The word-peddler

Lone writer
This must have been a thriving tree! @ Sequoia National Park Photo credit: BW

Some of us train ourselves to be a peddler of words. Or as people who can assess and value words.

We package words, we polish them up and then we hawk our wares on streets of the real world. No matter how great or small, we hope to make a dazzling show.

As time goes by, we surround ourselves with other word-hawkers, spending long hours in our smithies, talking to each other, supporting each other, but also distancing ourselves an inch at a time until our little corner of the pavement starts seeming like a world.

The real world.

All the while, the great, wide, beautiful, wonderful world moves on, carrying on its business of selling batteries, carpets, jackets, phones, tiles and other gadgets of life. For (wo)man cannot live on words alone.

Fortunately, for many a skilled wordsmith, life continues in the warm glow of the roadside smithy. But for others, there is often a rude awakening at inconvenient times.

The wordsmith discovers that his little corner is somewhat superfluous to the real world. His stories are tangential to its existence, his concerns unreal, his fare not quite of value to anyone but his own little group of friends who have or will soon be jolted into an equal experience of reality. They have all been on a heady ride to a magic land which was bound to end sometime. For they haven’t been training themselves on how to pick the right goods to peddle.

And then the wordsmith, not knowing how to make batteries, or carpets, or phones, or tiles turns to telling stories about them–stories about how the battery, this one, will transform your life, or how the carpet, this pattern on it, will set you apart from your neighbours, or how your jacket will make a mark if it only has this name on it.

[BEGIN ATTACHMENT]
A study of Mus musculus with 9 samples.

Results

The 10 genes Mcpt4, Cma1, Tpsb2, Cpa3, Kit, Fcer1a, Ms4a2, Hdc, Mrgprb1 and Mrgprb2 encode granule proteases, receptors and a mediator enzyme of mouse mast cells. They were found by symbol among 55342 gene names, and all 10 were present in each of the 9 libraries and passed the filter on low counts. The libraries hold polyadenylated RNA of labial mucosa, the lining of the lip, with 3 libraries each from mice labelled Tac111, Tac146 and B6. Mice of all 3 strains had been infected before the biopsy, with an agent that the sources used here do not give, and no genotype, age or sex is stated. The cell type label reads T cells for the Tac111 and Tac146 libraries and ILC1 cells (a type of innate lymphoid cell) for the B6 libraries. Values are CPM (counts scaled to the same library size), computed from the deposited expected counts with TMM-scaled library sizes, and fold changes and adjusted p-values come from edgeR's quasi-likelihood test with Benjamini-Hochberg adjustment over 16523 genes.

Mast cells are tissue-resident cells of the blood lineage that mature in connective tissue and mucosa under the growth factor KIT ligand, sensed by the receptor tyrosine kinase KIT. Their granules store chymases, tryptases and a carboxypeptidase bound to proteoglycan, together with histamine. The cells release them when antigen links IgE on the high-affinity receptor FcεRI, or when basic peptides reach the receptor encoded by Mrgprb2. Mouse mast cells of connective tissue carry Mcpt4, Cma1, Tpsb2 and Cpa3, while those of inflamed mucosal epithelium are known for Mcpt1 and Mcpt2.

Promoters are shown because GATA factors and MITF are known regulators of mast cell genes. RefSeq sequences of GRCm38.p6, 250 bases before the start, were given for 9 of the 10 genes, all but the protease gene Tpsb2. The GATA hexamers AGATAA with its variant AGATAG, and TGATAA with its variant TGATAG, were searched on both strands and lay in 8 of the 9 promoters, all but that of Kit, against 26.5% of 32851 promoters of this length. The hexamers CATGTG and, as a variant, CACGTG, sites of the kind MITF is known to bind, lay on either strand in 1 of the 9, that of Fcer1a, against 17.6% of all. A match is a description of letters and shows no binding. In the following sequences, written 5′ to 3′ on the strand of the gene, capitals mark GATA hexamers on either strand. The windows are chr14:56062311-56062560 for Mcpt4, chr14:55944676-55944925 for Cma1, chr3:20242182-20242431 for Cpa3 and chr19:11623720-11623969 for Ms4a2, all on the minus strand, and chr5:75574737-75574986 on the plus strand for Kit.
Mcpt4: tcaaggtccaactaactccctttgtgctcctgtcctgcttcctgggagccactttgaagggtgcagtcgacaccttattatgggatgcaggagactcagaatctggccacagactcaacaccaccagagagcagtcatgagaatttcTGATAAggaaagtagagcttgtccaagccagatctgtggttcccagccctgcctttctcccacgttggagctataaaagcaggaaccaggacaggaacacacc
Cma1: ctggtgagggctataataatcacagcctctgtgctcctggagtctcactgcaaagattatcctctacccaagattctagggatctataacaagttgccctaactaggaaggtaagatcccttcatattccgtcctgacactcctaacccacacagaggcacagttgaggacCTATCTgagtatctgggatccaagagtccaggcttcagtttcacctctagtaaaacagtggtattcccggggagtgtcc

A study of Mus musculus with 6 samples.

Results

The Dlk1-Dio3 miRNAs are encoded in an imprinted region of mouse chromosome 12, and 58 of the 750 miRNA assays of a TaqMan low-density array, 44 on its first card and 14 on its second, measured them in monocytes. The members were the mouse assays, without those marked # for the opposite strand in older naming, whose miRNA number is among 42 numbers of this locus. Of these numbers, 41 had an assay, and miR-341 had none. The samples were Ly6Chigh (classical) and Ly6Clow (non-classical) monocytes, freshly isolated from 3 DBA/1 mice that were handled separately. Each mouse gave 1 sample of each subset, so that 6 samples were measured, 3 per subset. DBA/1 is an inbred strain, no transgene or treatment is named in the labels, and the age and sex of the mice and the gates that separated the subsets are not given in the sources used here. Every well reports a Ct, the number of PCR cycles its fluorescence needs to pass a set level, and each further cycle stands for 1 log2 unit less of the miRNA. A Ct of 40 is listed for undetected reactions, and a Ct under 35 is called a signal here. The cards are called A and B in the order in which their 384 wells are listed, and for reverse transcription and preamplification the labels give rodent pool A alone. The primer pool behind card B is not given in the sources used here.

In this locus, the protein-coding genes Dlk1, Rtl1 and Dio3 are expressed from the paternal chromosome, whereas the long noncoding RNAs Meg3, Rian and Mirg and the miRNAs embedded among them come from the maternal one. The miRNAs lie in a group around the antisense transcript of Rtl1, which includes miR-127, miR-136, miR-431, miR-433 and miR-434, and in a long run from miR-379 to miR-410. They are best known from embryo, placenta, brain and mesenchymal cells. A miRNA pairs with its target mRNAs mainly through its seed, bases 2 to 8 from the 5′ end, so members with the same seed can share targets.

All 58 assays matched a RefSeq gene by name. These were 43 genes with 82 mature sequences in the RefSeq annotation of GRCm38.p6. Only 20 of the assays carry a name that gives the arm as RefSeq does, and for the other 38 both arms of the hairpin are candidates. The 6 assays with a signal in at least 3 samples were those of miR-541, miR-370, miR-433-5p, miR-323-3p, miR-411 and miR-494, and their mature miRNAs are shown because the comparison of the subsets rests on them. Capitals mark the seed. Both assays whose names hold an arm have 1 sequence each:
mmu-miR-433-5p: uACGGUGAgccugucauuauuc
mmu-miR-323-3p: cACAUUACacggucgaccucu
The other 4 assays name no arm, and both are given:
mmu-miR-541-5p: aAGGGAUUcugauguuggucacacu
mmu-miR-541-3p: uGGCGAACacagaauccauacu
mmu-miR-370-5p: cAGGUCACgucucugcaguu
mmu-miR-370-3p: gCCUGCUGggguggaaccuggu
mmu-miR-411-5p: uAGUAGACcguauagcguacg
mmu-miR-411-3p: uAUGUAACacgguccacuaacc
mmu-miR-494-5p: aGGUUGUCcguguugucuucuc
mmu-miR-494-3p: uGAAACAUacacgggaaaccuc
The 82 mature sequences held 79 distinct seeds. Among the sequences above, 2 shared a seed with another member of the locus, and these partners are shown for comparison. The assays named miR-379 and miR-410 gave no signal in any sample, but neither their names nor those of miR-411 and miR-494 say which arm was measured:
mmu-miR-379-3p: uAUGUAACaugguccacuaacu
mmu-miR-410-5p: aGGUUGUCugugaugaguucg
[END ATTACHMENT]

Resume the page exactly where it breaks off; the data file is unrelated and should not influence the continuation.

Having lived in the corner of the world for a big part of his life, the wordsmith sees more, and knows more about the world than its denizens within it. So his stories are happy but dangerous and he is now as happy as can be in the real world.


  1. Great article. I enjoy making up fake stories about real stuff. I’ll keep to my corner of the world making things up, thank you. After all, we do what psychologists and psychiatrists make 100s of 1000s of dollars doing…Making people feel better. Relieving stress. Spurring on thought. And we do it, for the most part, for free.




      I guess the way not to be depressed about: “The wordsmith discovers that his little corner is somewhat superfluous to the real world. His stories are tangential to its existence, his concerns unreal, his fare not quite of value to anyone but his own little group of friends who have or will soon be jolted into an equal experience of reality,” is to write things that really mean something. Write things that touch people’s hearts, or advocate for the voiceless or something. Write things that aren’t tangential to the real world, but directed towards it.